By: Corin Cook on September 18th, 2023


Business Insurance | commercial insurance

When was the last time your business signed a contract? Well, if you’re anything like us at Berry Insurance, the answer is probably very recently and fairly often.

But, how often do you actually thoroughly review those contracts? We can guess your answer is probably very rarely, or even never.

We get it. Contracts tend to be very lengthy, confusing, and dull -- plus, we assume the person we are signing the contract with is going to inform us of all the important details anyways, right?

Well that’s not true, and we know from experience.

We actually just reviewed an addendum to one of our existing contracts and realized we needed to buy more cyber insurance

We can help you be prepared for similar situations. Although we are not lawyers over here at Berry Insurance, we know insurance and we know what to look for in the insurance section of contracts to make sure our clients are fulfilling contractual obligations and getting the right commercial insurance coverage. We’re hoping we can help you too.

Insurance language to look out for in your contracts

So you’re signing a contract for your business to work with a contractor or vendor. We can probably assume what it looks like: you browse the headers, skimming for an overview and searching for the main points such as the price, length of the agreement, equipment requirements, etc. Then you get to some of the “small print” like the insurance section and you skim it without really scrutinizing, assuming you aren’t missing anything.

But believe it or not, if you don’t thoroughly review the insurance requirements, you could be actually missing a lot and violating your contract.

So here’s what to look out for:

Many contracts contain specific language such as non-contributory wording, hold harmless agreements, waivers of subrogation, and additional insured status; they also may be seeking CG2010 and CG2037 forms. While there are many terms for it, these items are essentially making you (the subcontractor to their general contractor) the party whose insurance would be used if there was a situation resulting in an insurance claim.

And with this agreement, the contract may also be asking you to have certain coverages or limits on your insurance.

In our recent situation, we were reviewing an addendum to a contract with a vendor, the contract required us to have a protocol in place for cyber liability, as well as one million dollars in cyber liability insurance (which we were just shy of).

We immediately made the necessary changes (followed by promptly reviewing all of our other contracts), but if we hadn’t, we could have been dealing with some unfavorable situations down the road. 

Why reading the insurance contract requirements is important

So what are these unfavorable situations that could happen, you ask? What could actually happen if you are failing to meet insurance requirements on a contract? Well, a few things.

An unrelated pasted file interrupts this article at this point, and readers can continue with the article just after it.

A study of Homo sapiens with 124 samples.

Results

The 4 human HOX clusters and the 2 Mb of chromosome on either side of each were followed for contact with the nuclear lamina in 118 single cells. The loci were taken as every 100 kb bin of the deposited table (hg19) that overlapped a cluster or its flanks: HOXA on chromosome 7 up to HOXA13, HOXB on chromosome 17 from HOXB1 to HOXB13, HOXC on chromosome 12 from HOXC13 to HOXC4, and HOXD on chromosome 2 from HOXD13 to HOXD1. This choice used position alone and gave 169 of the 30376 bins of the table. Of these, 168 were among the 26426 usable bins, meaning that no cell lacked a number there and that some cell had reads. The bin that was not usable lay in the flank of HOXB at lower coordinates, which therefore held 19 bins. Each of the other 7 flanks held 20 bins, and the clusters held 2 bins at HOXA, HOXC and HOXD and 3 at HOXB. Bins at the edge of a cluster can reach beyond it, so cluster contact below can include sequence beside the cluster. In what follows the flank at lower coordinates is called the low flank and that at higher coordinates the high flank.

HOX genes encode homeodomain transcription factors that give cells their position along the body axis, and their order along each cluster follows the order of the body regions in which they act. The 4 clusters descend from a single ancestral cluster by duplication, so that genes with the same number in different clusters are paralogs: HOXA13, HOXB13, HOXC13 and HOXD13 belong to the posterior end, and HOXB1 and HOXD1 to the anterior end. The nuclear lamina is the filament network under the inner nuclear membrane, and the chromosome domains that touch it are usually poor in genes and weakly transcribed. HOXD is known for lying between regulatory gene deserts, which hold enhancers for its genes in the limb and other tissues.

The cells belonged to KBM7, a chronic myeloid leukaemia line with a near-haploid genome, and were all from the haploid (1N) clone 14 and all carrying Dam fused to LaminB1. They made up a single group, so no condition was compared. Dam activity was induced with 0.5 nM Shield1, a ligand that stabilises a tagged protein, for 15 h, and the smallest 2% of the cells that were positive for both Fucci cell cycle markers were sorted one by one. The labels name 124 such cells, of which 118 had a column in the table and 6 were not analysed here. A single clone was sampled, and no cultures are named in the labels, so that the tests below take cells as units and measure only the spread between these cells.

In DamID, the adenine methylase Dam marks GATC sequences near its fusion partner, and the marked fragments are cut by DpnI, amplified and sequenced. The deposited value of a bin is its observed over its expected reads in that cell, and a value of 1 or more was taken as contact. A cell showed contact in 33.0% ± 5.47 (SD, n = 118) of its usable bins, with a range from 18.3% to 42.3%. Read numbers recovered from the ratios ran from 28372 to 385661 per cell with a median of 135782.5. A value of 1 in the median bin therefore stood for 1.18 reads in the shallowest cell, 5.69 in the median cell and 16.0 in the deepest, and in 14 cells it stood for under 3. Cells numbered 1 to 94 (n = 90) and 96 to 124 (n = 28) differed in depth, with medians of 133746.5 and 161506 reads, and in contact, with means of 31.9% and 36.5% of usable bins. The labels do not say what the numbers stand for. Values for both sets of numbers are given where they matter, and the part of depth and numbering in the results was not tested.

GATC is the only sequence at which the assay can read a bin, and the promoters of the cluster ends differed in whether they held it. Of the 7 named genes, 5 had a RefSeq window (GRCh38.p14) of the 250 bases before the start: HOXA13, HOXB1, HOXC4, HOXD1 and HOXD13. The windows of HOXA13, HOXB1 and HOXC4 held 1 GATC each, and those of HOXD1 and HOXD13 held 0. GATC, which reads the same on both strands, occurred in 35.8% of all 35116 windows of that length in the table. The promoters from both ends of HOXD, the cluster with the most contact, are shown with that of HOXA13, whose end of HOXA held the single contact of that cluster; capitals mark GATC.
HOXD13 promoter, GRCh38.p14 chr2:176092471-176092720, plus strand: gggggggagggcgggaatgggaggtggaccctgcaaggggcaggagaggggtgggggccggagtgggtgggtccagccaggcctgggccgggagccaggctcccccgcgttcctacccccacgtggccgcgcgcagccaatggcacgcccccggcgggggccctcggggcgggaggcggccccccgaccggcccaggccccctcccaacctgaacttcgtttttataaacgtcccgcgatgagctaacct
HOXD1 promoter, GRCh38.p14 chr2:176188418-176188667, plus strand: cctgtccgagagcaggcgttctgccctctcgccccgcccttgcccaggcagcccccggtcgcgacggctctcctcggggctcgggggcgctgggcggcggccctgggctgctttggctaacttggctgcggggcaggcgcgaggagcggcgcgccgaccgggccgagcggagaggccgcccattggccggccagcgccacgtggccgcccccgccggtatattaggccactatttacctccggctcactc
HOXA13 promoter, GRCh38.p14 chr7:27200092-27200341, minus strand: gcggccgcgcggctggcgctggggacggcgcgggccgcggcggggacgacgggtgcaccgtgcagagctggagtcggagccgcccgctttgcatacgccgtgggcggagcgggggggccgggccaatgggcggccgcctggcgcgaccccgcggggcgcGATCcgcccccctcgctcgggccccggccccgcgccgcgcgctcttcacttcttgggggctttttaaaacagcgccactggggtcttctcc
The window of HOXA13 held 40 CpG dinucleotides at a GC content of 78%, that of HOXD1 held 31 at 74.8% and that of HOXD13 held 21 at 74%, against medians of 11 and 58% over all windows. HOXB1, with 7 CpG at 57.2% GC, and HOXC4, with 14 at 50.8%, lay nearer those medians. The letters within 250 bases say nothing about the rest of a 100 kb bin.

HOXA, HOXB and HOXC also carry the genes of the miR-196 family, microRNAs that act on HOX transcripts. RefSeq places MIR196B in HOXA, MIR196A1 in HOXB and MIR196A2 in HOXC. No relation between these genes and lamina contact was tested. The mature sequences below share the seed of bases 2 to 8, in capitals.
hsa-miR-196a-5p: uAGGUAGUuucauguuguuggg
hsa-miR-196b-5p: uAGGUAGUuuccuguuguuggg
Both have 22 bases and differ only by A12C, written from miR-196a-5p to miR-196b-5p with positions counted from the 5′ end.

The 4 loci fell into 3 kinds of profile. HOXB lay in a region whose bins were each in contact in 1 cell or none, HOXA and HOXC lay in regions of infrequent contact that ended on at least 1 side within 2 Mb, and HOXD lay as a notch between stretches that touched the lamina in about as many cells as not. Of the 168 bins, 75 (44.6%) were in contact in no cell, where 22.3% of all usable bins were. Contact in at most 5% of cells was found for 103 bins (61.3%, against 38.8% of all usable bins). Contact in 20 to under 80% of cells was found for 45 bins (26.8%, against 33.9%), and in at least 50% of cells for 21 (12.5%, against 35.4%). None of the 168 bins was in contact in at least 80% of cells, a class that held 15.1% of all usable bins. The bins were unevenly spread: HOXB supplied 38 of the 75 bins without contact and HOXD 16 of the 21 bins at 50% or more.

For one, it could just be inconvenient and slow business down. If the vendor or contractor you’re working with asks for a certificate of insurance (COI) to prove you have the right insurance coverage and you realize you don’t, you will need to take the time to modify your insurance policy and get a new certificate of insurance. In the meantime, this could hold up urgent business and potentially cost your business some time and money.

But it can get much worse.

If you aren’t meeting your contract’s insurance requirements and there was a situation resulting in an insurance claim, you could be stuck with a large out-of-pocket expense, a lawsuit, a nullified contract, and the loss of the partnership.

Without the right insurance coverage per the contract, you could also not be paid for the job that you did, since you were technically breaching the contract.

In our situation, if we hadn’t increased the cyber coverage and experienced a cyber attack that compromised the information of the company we signed the contract with, we would not only have to pay the claim, but the company could also sue us for even more, and end our valuable partnership.

As business owners, we always assume these situations won’t happen to us, but they could, and the results could be detrimental. 

Know what you’re signing

We know you have a lot on your metaphorical plate as a business owner. Every day, you’re probably worried about productivity, increasing revenues, HR issues, IT issues and so much more.

But you also need to be thinking about your contracts and make sure you actually know what you’re signing when you do.

We know it can be daunting, especially if you aren’t familiar with all the ins and outs of insurance like we are at Berry Insurance.

But if you need us, we are here. Feel free to schedule an appointment so we can help you decipher your contracts and make sure you have all the correct insurance you need.